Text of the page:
Then this happened:

Pretty definitive, no?  Guess not! Because despite this, Ian O’Connor, likely bored during last night’s rain delay, wrote this:

So people want to know if this is personal between you and the bosses, if the New York Post story about you and the ball and the Game 1 women in the stands — a story confirmed by a team source — is inspiring them to hit you harder than the rest.

“I don’t want to overthink it,” you said to the reporters who surrounded you Wednesday evening. Later, you added, “I don’t want to speculate.”

Both answers sounded an awful lot like yes.

And Bill Plaschke, linking the Post story, tweeted this:

I’m struggling to remember another instance in which reporters simply ignored a straight on-the-record denial of a fact by general manager and chose instead to credit what is literally nothing more than a reporter’s speculation as if it were unequivocal fact.*

Really, even if Klapisch’s story had something as thin as “an anonymous Yankees source said …” or “people are telling me …” it would at least be one story against another, and reasonable minds might assume that Cashman’s denial was a P.R. thing. I know folks hate anonymous sources, but they often speak the truth precisely because they are anonymous. And GMs, I’m sorry to say, often lie.

But this is different. There isn’t even an anonymous source for the Klapisch/O’Connor/Plaschke narrative. It is a plain conclusion by reporters, treating their angle on it as though it were the law of gravity or thermodynamics or something and thus it was unnecessary to even attempt to show their work.  But this is not so — it is not at all evident that it went down like they say it did — and thus unless there is some compelling reason why they would not even cite a source in their stories, we are left no choice but to assume that the notion that A-Rod’s benching is punitive is purely invented. That it is given credit by them because they want it to be true — or think their readers want it to be true — because it’s more juicy and interesting than the Yankees benching A-Rod because he simply can’t hit at the moment and his manager has lost confidence in him.

Guys, I’m totally willing to believe the juicier version. All kinds of crazy stuff has happened with the Yankees in the past, so an angry phone call from, say, Randy Levine to Cashman ordering that A-Rod never take an at bat as a Yankee again due to the Post story is not something that is beyond the realm of possibility. I’m a blogger who loves muck. I’D EAT THAT CRAP UP!

But you gotta give me a reason to. You have to at least have something suggesting that it actually happened rather than to just assert it and hope that the hatred and bile for Alex Rodriguez that you and your brethren in the New York sporting press have so gleefully cultivated for the past eight years will give it credibility.  In the face of Brian Cashman’s straight denial, you have to actually get off you butt and find someone who will tell you, anonymously or not, that it actually went down like you’re saying it did.

Until then, journalistically speaking, you’re just trafficking in baloney. You’re flinging unfounded stuff that, if some blogger did it, you’d excoriate as bringing on he death of the Republic.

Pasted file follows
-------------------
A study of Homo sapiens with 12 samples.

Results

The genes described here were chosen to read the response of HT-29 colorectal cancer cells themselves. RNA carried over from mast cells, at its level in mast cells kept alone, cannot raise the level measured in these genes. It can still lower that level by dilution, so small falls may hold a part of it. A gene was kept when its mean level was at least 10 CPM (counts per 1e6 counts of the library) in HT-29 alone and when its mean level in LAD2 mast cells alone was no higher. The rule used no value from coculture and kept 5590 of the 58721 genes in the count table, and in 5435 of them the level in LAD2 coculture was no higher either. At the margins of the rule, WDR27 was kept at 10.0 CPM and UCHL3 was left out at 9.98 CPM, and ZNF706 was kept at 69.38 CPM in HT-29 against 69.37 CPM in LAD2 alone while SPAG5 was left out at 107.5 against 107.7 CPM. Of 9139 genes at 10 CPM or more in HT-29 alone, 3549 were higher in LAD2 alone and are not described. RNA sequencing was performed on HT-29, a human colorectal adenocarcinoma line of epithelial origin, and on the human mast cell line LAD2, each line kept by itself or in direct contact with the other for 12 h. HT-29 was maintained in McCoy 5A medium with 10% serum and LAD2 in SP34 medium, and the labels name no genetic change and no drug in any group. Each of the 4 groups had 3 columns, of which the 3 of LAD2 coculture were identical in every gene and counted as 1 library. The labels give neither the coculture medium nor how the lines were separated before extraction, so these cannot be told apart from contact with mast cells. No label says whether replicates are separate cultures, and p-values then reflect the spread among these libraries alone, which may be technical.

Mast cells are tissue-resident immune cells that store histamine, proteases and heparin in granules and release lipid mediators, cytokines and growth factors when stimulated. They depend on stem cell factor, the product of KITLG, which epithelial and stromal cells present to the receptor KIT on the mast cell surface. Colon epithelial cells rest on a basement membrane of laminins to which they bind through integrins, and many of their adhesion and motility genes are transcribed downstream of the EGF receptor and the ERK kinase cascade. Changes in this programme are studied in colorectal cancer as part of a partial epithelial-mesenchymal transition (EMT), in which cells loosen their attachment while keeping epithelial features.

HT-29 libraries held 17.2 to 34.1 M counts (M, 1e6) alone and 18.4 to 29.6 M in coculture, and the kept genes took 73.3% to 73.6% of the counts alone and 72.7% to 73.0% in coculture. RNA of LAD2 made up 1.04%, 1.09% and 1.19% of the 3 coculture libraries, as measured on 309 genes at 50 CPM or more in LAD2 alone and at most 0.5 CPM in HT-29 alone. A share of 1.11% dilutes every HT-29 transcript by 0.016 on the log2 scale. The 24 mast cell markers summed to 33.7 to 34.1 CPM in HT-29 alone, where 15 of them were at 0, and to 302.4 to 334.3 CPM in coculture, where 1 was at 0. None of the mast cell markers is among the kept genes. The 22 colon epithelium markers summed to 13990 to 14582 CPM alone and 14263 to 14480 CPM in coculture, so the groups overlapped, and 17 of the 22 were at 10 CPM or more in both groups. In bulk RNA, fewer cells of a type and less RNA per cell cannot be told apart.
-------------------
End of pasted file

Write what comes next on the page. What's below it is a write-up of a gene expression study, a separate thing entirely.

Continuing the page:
Cut it out. Get the story or get off it.

Note that it’s not just the benching that is getting this treatment. Despite Cashman’s straight denial of it, there has been and likely will continue to be a lot written about that debunked rumor Keith Olbermann floated yesterday regarding talks between the Marlins and the Yankees of an A-Rod trade. Indeed, O’Connor credits the rumor in his story as if it was not immediately denied by Cashman when it came out yesterday afternoon.

Shohei Otani may come to the United States after 2017


Now, however, Jeff Passan of Yahoo reports that the Fighters are set to post Shotei Otani following the 2017 season. Passan says that his sources have told him that there are potential ways around the limit on spending for under-25 players like Shohei Otani and he links a Japanese article from Sponichi which says the Fighters would post him after the 2017 season.

It’d be interesting to see what that loophole is. Without knowing the exact terms of the CBA on this score it’s impossible to know, but one possibility is that there are different rules applicable to those with professional experience in other countries as opposed to amateur free agents.

Whatever the case, the notion that we could see Otani in the U.S. at age 23 or 24 is pretty exciting.

Report: Phillies close to signing Joaquin Benoit

ANAHEIM, CA - SEPTEMBER 15:  Joaquin Benoit #53 of the Toronto Blue Jays pitches during the seventh inning of a game against the Los Angeles Angels of Anaheim  at Angel Stadium of Anaheim on September 15, 2016 in Anaheim, California.  (Photo by Sean M. Haffey/Getty Images)

Benoit, 39, has quietly been among the better relievers in baseball over the past seven years. This past season with the Mariners and Blue Jays, the right-hander put up an aggregate 2.81 ERA with a 52/24 K/BB ratio in 48 innings. That included a 0.38 ERA in 23 2/3 innings after the Jays acquired him from the Mariners.

Benoit suffered a torn calf muscle during a benches-clearing brawl with the Yankees near the end of the regular season. He’s expected to be healthy for spring training.

The Phillies have now added three relievers this offseason with Benoit, Pat Neshek, and David Rollins.